To help celebrate the 12th Annual "America Recycles Day" this past Sunday, November 15th, the state of California's Department of Transportation (Caltrans), the American Chemistry Council (ACC) and Keep California Beautiful (KCB) have extended their partnership to cover roadside rest area.
The initiative, which is called "Plastics. Too Valuable to Waste. Recycle." aims to increase the recycling of plastics and other recyclable materials that are commonly discarded at rest areas. The goal is to help keep recyclable plastics and other materials off of California'sand roadways, out of its waterways, and, instead, get them into recycling bins.
"One of the goals of Caltrans is stewardship — to preserve and enhance California's resources and assets," said Caltrans Director Randell Iwasaki. "Caltrans is committed to keeping California's environment clean and pursuing every opportunity to recycle. This partnership will educate the public on the importance of recycling."
The partnership is being launched with the placement of new recycling bins and corresponding educational signage at the H. Dana Bowers Roadside Rest Area in Marin County, just north of the Golden Gate Bridge. The partnership will expand to other Caltrans rest stop locations in 2009 and 2010.
"Plastics do not belong as litter on our roads or in our waterways," said Steve Russell, vice president of plastics for the American Chemistry Council. "Many plastics, including much of what will be collected in the new Caltrans bins, are recyclable. We know Californians want to recycle more. This new partnership highlights our commitment to work with government and nonprofit groups to help make our environment cleaner."
Until now, there has not been a widespread campaign that makes it easy for travelers to recycle and, at the same time, discourages them from littering. More than 100 million motorists visit California's 87 roadside rest areas every year.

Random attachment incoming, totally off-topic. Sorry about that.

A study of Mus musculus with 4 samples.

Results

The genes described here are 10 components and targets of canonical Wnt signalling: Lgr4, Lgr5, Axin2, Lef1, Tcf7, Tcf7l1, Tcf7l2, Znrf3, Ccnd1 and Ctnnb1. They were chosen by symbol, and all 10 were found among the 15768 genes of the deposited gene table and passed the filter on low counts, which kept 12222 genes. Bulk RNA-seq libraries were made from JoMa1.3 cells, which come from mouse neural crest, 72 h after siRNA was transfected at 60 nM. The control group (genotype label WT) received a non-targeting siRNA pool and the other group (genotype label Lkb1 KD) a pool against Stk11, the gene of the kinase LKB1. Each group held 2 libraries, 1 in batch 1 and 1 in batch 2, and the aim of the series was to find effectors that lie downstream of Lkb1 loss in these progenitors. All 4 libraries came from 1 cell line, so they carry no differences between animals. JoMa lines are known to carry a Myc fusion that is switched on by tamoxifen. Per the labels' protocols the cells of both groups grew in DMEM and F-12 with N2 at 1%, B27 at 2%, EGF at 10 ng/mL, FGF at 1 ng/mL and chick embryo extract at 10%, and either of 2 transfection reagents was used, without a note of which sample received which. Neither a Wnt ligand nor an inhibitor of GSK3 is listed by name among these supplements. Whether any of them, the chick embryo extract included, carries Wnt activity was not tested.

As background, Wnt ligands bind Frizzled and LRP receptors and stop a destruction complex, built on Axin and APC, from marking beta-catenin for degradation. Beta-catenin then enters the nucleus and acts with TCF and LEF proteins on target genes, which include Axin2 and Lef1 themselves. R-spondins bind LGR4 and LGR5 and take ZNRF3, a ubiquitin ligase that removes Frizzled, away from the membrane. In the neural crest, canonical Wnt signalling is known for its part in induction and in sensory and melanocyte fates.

"Keep California Beautiful is excited to support this public-private partnership," said KCB Executive Director Christine Flowers-Ewing. "These new recycling bins will allow travelers to help us work towards our goal of making California the cleanest state in the nation."
The American Chemistry Council and Keep California Beautiful are already working with state of California's Department of Parks and Recreation (State Parks) on a beach recycling program at five State Parks beach sites in Los Angeles, Monterey, San Diego, San Luis Obispo and Santa Cruz.
The partnership has placed more than 500 seasonal and permanent recycling bins at 19 coastal locations. Additional recycling bins have been placed in the cities of Brentwood and Woodland.
"California State Parks welcomes the opportunity to partner with other government entities, the private sector and Keep California Beautiful to promote the value of recycling plastics and other materials," said State Parks Director Ruth Coleman. "This program will help to prevent litter on beaches that costs taxpayers dollars to collect."
About 79 million people visited California's State Parks during the 2006/07 fiscal year, with many traveling to visit the 320 miles of oceanfront property managed by State Parks. Until the partnership was created, there has not been a widespread public education program that encourages park visitors to recycle plastics instead of placing them in the trash or leaving them behind.
The California Department of Parks and Recreation (California State Parks) is responsible for the protection and maintenance of 270 park sites, including underwater preserves, state beaches, historic buildings and museums, California State Parks manages 1.4 million acres and 280 miles of coastline.
While there are about 2,100 certified recycling centers in California, some Californians still treat plastics as trash instead of a valuable material that is readily recyclable. Additional information on the program is available at the partnership's web site at www.2valuable2waste.com.
The American Chemistry Council, based in Arlington, Va., is a trade group that represents various chemical industries nationwide.
Sacramento, Calif.-based Keep California Beautiful is a non-profit organization whose goal is to combine individual, community, and corporate efforts in order to help Californians conserve resources, stamp out litter, and reduceoutput. Through programs like the Beverage Container Recycling Program, KCB helps cities and counties implement and track effective litter prevention and recycling programs in its efforts to stamp out litter from California.